Jacques: All students deserve additional virus support
I do not envy the position school administrators are in right now. Or teachers.
Parents and students also face myriad questions and concerns as the start of school quickly approaches — the scheduled start of school anyway.
COVID-19 has thrown all normal expectations about what school should be like out the window, and every district is responding differently. Several have already said they plan to go online only; others are striving for in-person classes or some kind of mix.
I’m also hearing increasing anecdotal reports about parents who are planning to give homeschooling a try.
With all this flux, and the additional attention to safety measures, schools are seeking as much financial assistance as possible from the state and federal government. For good reason.
Thanks largely to funding from the CARES Act, the $2 trillion aid package Congress passed in March, the state was able to shield schools from cuts in the 2020 fiscal year budget. But the 2021 budget — the next fiscal year starts Oct. 1 — is far from settled, so Michigan school districts are in great need of certainty there.
Congress is considering a next round of virus aid, and schools appear to be front and center on the agenda, although Republicans and Democrats differ on amounts and how the funding should be distributed.
In the interim, some school district leaders are frustrated with how the Michigan Department of Education is choosing to use some of its allotted federal relief dollars.
The CARES Act set aside about $13 billion for K-12 schools, and Michigan got $390 million. Congress chose to send money to states using the federal Title 1 funding formula, which is intended to help districts with students from low-income families. States then allotted the funds to local districts based on the same formula.
That means districts like Detroit Public Schools Community District received much more in funds than many others did. DPSCD alone got 25% of the total, given the high number of children in poverty.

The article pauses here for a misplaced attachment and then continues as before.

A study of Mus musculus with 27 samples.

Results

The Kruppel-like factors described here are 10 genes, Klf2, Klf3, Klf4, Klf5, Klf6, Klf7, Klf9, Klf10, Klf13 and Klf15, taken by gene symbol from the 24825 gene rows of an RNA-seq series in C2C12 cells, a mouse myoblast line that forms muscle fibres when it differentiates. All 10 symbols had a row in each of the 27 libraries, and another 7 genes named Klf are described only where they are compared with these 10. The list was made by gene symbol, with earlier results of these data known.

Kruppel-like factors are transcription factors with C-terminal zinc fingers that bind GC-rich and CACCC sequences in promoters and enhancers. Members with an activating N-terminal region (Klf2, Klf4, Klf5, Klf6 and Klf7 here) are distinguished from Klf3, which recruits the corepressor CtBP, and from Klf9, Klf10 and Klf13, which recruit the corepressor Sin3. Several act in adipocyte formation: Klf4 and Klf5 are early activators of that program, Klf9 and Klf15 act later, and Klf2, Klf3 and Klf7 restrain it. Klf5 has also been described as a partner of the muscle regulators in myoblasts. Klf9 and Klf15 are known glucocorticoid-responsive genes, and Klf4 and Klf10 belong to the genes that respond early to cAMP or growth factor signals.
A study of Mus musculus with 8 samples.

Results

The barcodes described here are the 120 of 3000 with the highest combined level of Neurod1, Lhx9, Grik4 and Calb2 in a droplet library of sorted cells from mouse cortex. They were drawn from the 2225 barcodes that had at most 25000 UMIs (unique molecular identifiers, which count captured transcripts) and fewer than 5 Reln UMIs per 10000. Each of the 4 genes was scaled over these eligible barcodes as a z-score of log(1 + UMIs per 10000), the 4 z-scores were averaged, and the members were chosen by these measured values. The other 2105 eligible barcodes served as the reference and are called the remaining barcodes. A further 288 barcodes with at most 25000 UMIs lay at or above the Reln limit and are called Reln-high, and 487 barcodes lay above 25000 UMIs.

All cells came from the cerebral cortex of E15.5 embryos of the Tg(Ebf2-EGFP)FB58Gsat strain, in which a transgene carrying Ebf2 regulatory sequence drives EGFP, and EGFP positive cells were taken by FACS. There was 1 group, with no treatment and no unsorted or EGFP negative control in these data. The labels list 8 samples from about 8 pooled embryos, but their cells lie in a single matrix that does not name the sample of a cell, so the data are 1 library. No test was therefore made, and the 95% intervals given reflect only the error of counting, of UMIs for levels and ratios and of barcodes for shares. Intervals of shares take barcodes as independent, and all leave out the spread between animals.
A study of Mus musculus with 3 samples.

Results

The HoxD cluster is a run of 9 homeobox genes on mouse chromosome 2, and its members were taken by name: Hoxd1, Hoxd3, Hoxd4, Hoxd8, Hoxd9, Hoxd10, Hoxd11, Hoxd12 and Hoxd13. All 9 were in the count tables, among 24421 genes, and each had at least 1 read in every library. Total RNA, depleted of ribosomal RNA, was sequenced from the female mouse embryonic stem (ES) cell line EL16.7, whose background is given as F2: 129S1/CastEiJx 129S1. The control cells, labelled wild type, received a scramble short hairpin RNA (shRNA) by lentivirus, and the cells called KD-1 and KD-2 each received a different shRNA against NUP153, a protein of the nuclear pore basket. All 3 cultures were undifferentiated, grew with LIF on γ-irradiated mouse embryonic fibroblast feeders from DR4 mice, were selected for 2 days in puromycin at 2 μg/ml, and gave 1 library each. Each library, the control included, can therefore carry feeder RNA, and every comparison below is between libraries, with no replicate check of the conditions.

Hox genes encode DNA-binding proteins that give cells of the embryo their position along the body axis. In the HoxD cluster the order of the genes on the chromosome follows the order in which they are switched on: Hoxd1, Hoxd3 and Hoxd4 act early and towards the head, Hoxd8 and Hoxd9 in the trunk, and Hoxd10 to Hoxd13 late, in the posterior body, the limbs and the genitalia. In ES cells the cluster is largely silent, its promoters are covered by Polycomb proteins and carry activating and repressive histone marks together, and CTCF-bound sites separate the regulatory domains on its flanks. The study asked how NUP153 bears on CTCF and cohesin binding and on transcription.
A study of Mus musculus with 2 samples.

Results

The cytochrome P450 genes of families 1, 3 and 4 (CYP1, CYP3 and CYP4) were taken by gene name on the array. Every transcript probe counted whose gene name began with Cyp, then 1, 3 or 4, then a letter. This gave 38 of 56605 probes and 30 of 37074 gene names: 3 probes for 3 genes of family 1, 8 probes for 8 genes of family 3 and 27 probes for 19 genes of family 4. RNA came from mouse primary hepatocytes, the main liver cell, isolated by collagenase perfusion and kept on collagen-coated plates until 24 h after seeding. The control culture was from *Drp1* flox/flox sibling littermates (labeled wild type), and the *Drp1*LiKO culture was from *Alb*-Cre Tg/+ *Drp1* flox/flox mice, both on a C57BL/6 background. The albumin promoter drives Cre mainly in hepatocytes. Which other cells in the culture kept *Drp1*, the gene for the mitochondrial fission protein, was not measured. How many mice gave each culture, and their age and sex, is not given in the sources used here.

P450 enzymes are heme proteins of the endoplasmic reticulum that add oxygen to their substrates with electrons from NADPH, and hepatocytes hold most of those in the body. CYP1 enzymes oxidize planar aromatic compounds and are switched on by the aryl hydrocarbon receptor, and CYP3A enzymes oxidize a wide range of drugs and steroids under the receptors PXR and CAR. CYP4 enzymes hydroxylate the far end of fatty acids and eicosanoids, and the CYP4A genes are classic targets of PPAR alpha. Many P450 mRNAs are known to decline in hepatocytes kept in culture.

Congress allowed the state Education Department to reserve 10% of the funds for its discretion, and some of the leaders from the state’s intermediate districts are asking the MDE to reconsider how it’s using that funding.
And they make a good case. In a June 24 letter, these districts asked state Superintendent Michael Rice and Gov. Gretchen Whitmer to release the funds on a per-pupil basis, given the pressing needs facing all schools.
“We are asking for MDE to immediately release the remaining $39 million to all districts on a per-pupil basis to help them prepare for a return to in-person learning this fall,” wrote the seven intermediate school district superintendents, including those from Wayne, Macomb and Oakland.
But the MDE has another plan. According to spokesman Martin Ackley, the department plans to use the funding, which it pinpoints at slightly more than $37 million, to provide “targeted funding to reduce the digital divide and support students’ mental health in Michigan’s highest-need school communities.” The MDE says the grant application will be sent to school districts soon.
Given the hullabaloo Rice, Whitmer and Attorney General Dana Nessel made earlier in the month about a rule change from U.S. Education Secretary Betsy DeVos and her department that would direct about $16 million in additional CARES Act funding to private schools (for a total of $21.6 million, or 5% of the state's funds), it seems the “shortfall” could be addressed with the unused pot of money. Michigan is one of the states suing to stop private schools from seeing any of the relief aid.
Congress could help ease the turf wars with a next round of funding by simply granting aid on a per-pupil basis, regardless of the school. After all, all children are being impacted by the pandemic.